Qt Creator 2.8 provides a couple of new value additions for Qt Enterprise users. We would like to emphasize that this does not restrict the usage of the tools in our open source offering. In this release the focus is on QML and Qt Quick support.
The new extension plugins to the Qt Quick Designer and the QML Profiler add new features on top of the existing plugins.
Qt Quick Designer including enterprise differentiators in action.
This means smoother Qt Quick application development in the designer by:
Editing properties like text, color, and source inline in the form editor by double clicking.
Visual editor for paths.
Editor for connections, bindings, and dynamic object properties.
Inline Editing in the Form Editor
The user can double-click objects in the form editor to edit their text, color, or source properties. This is quicker and more convenient than using the property editor. Because some QML types have several of these properties, such as TextEdit, you can also right-click objects to open the inline editors from a context menu. This feature also works on custom components if the properties follow the naming conventions from the Qt Quick Items.
The visual path editor in Qt Quick Designer allows changing the path in PathView much faster than in the text editor. You can move the control points to change the cubic Bezier curve. This speeds up the process of creating the path by a magnitude when compared to text or importing them from other tools. It is also possible to add and remove segments from the curve, and PathAttribute and PathAttribute elements defined in the text are preserved.
Connection View The Connection View is a new pane in the sidebar like the property editor and navigator. It allows the user to manage Connections, Bindings and dynamic properties through a graphical interface. Each of these three functions has its own separate tab.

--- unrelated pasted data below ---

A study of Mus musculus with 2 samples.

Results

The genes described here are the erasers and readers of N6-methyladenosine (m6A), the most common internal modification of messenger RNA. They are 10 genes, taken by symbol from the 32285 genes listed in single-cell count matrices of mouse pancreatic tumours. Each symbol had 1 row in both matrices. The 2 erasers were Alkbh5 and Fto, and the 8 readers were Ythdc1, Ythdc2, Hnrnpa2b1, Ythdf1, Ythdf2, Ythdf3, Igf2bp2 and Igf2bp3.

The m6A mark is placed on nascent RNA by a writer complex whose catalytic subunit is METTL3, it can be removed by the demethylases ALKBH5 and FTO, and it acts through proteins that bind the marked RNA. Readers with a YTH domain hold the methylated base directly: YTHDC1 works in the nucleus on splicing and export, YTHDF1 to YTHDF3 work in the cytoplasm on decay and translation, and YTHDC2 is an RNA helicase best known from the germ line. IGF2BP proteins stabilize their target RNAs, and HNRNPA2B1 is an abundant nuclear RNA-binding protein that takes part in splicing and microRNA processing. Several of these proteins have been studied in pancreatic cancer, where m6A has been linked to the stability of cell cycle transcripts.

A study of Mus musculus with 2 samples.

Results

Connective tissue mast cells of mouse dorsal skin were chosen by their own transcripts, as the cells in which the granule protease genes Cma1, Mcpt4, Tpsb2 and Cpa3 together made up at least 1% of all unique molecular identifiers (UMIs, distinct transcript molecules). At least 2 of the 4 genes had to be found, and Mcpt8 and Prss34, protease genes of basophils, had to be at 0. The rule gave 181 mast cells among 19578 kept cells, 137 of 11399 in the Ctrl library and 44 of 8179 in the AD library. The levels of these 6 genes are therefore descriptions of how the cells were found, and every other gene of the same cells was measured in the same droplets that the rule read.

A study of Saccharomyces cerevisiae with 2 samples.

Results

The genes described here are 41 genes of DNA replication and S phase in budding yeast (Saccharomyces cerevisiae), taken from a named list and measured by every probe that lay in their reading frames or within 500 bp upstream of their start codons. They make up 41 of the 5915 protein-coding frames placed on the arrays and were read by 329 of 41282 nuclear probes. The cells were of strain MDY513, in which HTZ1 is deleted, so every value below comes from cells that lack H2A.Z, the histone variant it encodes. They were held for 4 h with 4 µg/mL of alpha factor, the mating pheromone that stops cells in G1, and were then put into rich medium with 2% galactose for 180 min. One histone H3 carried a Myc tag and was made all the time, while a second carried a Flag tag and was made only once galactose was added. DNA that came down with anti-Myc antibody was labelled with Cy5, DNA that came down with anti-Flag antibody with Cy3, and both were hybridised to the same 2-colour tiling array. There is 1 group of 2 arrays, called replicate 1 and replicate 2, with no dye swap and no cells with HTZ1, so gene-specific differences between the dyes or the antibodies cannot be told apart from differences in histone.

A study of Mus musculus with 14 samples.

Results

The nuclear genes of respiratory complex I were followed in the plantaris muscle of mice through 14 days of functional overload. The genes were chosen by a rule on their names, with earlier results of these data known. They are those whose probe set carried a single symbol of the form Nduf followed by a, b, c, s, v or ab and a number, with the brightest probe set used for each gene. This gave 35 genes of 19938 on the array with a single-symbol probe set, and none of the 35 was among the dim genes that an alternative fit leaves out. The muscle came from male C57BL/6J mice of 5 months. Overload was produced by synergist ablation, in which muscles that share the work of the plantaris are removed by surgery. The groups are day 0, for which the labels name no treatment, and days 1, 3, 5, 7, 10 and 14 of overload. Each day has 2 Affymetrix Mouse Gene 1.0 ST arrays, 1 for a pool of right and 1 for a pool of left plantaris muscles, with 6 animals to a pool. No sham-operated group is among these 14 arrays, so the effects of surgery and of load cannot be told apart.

The connection tab handles Connections elements, binds them to a target item and executes an action by defining a signal handler. No need to edit QML code anymore, just trigger state changes based on clicked signals.
Add, edit and remove bindings in the bindings tab. You get also a nice overview of the existing bindings, which might have an impact on the layout or even the performance.
The tab for dynamic properties allows to add additional properties to an item. This makes it possible to follow good practice and define values like margins in one place, reusing them in other places by using bindings, instead of hard coding them. Another use case is creating reusable Components; in this case the properties of the root item define the interface.
The QML Profiler is extended by the ability to trace Scene Graph events and to profile the size of the pixmap cache used for images in QML. This is very valuable information, since memory consumption is typically related to image resources. The SceneGraph row shows the events of the Qt Quick 2 SceneGraph renderer, split into GUI thread and Renderer thread parts. This allows a detailed analysis of the SceneGraph behavior for a given application, helping to fine-tune your QML code to achieve the best performance. The pixmap cache row shows the loading, adding, and removing of pixmaps from the Qt Quick internal pixmap cache over time. This is especially helpful for Qt Quick applications in a resource constrained setup with slow disk loading.